People with mobility issues set to benefit from pioneering rehabilitative wearable devices
The lives of thousands of people with mobility issues could be transformed thanks to ground-breaking research by scientists at the University of Bristol.
The FREEHAB project will develop soft, wearable rehabilitative devices with a view to helping elderly and disabled people walk and move from sitting to a standing position comfortably and safely.
Led by University of Bristol Professor of Robotics Jonathan Rossiter, FREEHAB builds on discoveries from his previous Right Trousers project, which saw his team develop new soft materials that could be used like artificial muscles.
The three-year FREEHAB project, due to start in September, has received £1,162,224 funding from the Engineering and Physical Sciences Research Council (EPSRC).
Professor Rossiter said: “There are over 10.8 million disabled people living in the UK today. Nearly 6.5 million have mobility impairments. These numbers are growing as the median population age increases and age-related mobility issues due to conditions such as arthritis and stroke become more prevalent.”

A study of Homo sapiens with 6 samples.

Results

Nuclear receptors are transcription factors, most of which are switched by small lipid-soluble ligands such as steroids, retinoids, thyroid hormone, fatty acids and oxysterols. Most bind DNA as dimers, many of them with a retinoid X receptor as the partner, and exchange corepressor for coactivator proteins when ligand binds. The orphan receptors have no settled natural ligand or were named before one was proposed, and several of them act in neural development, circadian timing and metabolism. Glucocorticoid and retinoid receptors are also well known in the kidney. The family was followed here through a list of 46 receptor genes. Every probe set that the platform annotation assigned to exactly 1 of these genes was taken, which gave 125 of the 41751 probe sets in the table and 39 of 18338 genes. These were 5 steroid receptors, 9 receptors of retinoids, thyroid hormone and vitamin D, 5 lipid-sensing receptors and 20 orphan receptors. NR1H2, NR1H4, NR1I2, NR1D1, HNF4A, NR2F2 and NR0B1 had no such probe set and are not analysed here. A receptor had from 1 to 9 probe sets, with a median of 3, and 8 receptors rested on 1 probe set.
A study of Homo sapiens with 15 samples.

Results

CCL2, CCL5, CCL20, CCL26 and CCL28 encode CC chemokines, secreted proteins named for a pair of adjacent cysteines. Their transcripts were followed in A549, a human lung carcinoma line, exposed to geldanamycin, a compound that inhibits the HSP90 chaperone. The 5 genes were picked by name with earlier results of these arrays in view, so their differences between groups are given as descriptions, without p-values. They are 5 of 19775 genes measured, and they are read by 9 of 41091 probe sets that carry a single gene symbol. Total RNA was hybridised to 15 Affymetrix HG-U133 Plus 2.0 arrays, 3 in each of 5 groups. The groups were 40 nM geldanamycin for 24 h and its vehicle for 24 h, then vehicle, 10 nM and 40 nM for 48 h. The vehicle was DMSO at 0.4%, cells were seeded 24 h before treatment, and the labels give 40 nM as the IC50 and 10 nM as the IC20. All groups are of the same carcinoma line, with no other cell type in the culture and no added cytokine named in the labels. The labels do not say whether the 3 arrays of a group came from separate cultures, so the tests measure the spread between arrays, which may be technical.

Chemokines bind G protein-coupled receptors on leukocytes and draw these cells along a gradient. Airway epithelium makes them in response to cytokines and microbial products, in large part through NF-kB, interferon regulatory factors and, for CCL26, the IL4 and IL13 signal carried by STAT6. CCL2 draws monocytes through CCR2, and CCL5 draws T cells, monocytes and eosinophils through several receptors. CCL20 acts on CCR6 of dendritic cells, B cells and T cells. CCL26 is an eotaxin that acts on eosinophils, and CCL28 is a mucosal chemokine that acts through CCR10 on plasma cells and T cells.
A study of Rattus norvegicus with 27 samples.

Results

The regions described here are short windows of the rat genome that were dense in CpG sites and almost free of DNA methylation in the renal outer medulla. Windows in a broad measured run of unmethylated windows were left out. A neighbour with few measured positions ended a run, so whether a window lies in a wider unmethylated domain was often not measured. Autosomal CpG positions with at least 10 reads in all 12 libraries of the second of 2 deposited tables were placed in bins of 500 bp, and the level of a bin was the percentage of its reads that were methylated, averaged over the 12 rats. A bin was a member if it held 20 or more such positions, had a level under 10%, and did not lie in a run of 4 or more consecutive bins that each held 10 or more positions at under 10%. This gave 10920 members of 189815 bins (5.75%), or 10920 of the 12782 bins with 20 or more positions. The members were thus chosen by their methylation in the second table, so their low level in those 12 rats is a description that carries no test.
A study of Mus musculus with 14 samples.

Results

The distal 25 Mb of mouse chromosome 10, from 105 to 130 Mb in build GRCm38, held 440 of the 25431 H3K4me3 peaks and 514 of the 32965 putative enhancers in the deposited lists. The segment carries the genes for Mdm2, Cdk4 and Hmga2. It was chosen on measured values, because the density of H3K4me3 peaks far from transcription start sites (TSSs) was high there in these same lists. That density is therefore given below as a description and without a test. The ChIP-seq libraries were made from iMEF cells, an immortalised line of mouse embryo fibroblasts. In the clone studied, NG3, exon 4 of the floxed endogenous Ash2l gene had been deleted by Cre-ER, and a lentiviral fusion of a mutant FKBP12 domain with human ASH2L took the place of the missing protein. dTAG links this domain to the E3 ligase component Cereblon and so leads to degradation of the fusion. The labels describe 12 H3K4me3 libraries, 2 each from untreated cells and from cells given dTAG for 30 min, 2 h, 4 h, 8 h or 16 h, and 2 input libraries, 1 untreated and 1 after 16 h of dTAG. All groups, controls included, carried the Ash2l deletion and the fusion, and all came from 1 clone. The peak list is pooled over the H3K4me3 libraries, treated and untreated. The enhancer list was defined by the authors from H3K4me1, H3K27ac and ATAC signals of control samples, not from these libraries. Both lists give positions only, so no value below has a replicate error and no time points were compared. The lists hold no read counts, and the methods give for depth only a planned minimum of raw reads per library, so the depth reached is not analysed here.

Rehabilitation is vital for patients, but according to Professor Rossiter, outcomes are hampered by a lack of easy-to-use dynamic tools to help therapists accurately analyse mobility performance and devise effective programmes; and as rehabilitation increasingly takes place in patients’ homes in the absence of a therapist, better ways to support in-home mobility and training are needed, notes the university.
The materials from which the artificial muscles are made include 3D-printable electroactive gel materials, and soft but strong pneumatic chains that change shape when inflated and can exert considerable force.
Professor Rossiter continued: “Together with integrated sensing technology, we will make devices that physiotherapists can use to accurately pinpoint limitations in their patients’ movements, thus enabling them to plan personalised training programmes.
“We will also make simpler devices that the patient can use to enhance their mobility activities and exercise with confidence when a therapist is not with them.”
To develop the project, the researchers will work with physiotherapists in the NHS and private practices, and with people who have undergone physiotherapy for their mobility problems.
Following research and development, the aim is to conduct clinical trials and then bring the devices into the supply chain once the project is over.
Philippa Hemmings, Head of Healthcare Technologies at EPSRC, commented: “The work supported within the FREEHAB project will increase the ability of physiotherapists to support people with mobility impairments. It shows the power of engineers and physical scientists working in collaboration with partners, something our Healthcare Impact Partnership awards were set up to support.”